These days, a battle of the generations is taking place in the culture. People wag their fingers at the just-coming-of-age Generation Z and their phone-dependence and inability to play outside. “OK boomer,” they reply.

Gen Xers mock the millennials for their avocado toast and selfies, while the millennials mock them back for their apathy. Then they both take shots at boomers regarding student loan debt and the cost of housing.

There’s a generation missing from this battle, despite the fact that they’re very much still around. It’s called the Silent Generation, and no one seems to have a problem them. But when they were first named as a generation, a lot of people did.

The Silent Generation (people born between 1925 and 1942)

The Silent Generation comes after the GI Generation (also known as the Greatest Generation) and before the Baby Boom Generation. They were born between 1925 and 1942 and came of age in an era of post-war prosperity. When they first entered adolescence and young adulthood they were on the receiving end of a barrage of societal criticism.

They were first characterized as a generation in a 1951 cover story in TIME. They were accused of being compliant, conformist, uninterested in world affairs.

The article summed up the accusations saying that “by comparison with the Flaming Youth of their fathers and mothers, today’s younger generation is a still, small flame.”

The Class of ’57

In 1957 LIFE ran an editorial titled “Arise ye Silent Class of ’57!” It was about all the speeches that were being given by older generations to graduating classes around the country that year.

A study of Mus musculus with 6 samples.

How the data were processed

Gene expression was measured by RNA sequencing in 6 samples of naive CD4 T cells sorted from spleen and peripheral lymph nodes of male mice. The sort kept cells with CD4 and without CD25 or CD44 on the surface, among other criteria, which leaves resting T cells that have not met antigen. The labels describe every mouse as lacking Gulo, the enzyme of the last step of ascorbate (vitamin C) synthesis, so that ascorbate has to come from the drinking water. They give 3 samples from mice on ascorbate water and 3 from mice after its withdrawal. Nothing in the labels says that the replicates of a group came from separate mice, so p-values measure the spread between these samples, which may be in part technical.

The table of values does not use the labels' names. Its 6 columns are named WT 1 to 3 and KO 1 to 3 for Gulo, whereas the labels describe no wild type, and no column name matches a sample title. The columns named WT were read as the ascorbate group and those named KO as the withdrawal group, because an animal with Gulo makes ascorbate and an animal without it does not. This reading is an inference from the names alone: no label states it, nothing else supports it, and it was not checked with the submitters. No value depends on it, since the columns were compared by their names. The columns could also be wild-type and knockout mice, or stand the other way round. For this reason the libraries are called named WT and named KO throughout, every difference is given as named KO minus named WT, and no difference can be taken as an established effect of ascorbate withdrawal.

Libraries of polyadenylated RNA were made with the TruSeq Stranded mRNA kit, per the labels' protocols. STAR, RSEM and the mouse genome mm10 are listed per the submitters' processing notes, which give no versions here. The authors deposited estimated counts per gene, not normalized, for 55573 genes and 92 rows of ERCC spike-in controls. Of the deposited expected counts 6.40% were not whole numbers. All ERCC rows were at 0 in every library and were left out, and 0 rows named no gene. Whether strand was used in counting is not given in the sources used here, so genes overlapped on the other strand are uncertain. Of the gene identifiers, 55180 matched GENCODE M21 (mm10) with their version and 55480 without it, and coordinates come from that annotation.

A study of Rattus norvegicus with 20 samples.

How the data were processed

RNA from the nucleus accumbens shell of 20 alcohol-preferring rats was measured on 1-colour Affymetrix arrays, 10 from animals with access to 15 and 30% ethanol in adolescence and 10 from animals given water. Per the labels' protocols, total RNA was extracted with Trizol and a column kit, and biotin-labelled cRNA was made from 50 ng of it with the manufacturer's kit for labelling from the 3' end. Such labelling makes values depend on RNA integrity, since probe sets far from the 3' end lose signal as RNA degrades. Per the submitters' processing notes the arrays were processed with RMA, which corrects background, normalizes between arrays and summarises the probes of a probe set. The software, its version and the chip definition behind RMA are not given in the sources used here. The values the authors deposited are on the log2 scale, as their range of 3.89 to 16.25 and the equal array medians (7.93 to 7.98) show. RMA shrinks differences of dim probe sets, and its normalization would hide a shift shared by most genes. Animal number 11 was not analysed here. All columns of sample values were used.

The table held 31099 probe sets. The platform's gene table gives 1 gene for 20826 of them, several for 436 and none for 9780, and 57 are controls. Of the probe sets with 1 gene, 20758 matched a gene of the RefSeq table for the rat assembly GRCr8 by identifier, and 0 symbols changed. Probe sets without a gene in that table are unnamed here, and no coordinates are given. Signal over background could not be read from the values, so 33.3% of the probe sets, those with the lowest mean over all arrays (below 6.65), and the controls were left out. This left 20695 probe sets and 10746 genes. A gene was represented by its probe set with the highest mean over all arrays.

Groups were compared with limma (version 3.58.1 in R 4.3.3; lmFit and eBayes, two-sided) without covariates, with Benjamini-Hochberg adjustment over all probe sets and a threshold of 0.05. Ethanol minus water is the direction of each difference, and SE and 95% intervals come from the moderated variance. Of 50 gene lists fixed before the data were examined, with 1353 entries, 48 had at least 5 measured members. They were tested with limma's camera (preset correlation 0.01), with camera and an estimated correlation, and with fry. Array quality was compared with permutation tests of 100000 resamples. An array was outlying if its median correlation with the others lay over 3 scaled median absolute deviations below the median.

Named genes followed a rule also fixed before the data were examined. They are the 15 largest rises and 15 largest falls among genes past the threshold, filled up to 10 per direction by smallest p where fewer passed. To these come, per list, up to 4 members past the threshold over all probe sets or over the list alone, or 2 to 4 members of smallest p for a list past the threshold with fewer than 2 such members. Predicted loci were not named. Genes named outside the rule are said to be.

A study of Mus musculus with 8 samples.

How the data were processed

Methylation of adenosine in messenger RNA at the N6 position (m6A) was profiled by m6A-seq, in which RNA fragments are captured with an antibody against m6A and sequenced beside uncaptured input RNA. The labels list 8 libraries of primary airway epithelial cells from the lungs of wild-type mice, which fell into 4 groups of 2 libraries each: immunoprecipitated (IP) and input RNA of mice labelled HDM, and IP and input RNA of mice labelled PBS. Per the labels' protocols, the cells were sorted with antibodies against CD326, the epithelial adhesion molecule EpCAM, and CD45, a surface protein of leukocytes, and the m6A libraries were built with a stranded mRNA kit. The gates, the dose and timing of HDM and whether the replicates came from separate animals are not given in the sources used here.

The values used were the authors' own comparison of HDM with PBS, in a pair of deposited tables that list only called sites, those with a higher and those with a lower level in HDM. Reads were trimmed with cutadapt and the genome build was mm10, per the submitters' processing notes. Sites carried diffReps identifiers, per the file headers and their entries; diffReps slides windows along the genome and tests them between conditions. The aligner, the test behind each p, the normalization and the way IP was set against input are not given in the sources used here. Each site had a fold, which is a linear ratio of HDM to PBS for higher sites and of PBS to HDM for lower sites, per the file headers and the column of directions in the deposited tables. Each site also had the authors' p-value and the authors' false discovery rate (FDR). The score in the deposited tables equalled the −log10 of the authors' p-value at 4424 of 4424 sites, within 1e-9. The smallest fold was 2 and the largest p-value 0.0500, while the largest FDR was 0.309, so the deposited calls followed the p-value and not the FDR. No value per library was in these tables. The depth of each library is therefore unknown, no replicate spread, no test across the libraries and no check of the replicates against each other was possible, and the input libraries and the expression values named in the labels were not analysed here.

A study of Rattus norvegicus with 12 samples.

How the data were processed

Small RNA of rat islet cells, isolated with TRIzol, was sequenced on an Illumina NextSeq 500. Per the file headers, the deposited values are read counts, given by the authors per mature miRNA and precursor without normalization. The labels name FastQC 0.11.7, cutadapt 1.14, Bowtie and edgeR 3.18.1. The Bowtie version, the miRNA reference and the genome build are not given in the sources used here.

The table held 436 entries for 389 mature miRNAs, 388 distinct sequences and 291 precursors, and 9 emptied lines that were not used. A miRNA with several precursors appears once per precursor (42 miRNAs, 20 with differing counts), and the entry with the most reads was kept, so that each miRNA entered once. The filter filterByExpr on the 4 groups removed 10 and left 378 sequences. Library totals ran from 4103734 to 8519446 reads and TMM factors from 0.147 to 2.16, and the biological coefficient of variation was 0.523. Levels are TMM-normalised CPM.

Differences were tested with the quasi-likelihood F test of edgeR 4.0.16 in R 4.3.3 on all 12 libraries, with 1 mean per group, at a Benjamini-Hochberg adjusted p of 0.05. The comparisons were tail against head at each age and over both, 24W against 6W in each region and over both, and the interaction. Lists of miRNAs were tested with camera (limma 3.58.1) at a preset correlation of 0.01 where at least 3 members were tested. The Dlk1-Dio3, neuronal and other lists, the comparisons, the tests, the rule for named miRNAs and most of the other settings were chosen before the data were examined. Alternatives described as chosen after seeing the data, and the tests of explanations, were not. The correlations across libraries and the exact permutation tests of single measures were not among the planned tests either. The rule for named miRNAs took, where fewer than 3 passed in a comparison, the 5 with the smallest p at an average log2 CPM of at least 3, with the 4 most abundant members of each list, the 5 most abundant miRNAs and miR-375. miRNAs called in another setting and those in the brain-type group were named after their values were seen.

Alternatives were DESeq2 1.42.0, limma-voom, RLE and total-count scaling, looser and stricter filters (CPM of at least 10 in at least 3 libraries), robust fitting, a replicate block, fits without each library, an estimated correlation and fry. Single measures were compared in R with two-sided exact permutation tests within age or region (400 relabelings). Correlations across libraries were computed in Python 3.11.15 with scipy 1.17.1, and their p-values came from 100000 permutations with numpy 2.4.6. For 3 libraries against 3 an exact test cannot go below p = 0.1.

The speakers “seemed to feel that many of the Class of ’57, unlike the gobbling rebellious young turks of the past, were a silent generation — perhaps even prefabricated ‘organization men’ only too eager to claim faceless and voiceless roles in a world whose besting sin was unprotesting conformity.”

One deplored the “growing cult of yesmanship.” Another, a generation “more concerned with security than integrity…with conforming than performing, with imitating than creating.” And another the “will to be accepted by the group at any price.”

Usually when older generations complain about “kids these days” they bring up faults like laziness, lack of responsibility, or wild immorality. But when it came to the Silent Generation, the kids were being criticized for being too agreeable, too pliable, and too silent.

The Silent Generation had been born during the depression and war years, but came into consciousness and independence in an age of stability, prosperity and modern comforts like TV, transistor radios, and sliced bread.

When the Silent Generation first entered adolescence and young adulthood, they were on the receiving end of a barrage of societal criticism.

They brought words and concepts into the culture like teenagerrock and rollbobbysoxersgoing steady, and babysitter. They were babysitting the generation that would come to be called the boomers.

The Baby Boom generation was so comparatively huge in number and so much more analyzed, criticized and editorialized over that they ended up absorbing most of the Silent Generation in the popular imagination. Some of the figures we most associate with the boomer years were themselves from the Silent cohort. Figures such as Abbie Hoffman (1936), Jane Fonda (1937), Allen Ginsburg (1926), Bob Dylan (1941), and Stokely Carmichael (1940).

When criticism of the boomers began, the complaints about the silents were forgotten. In “battle of the generations” type commentary, they were generally lumped in either with the generation that came before or after.

In today’s atmosphere of back-and-forth barb-trading among the generations, the silents are left out. The class of ’57 probably doesn’t mind a bit.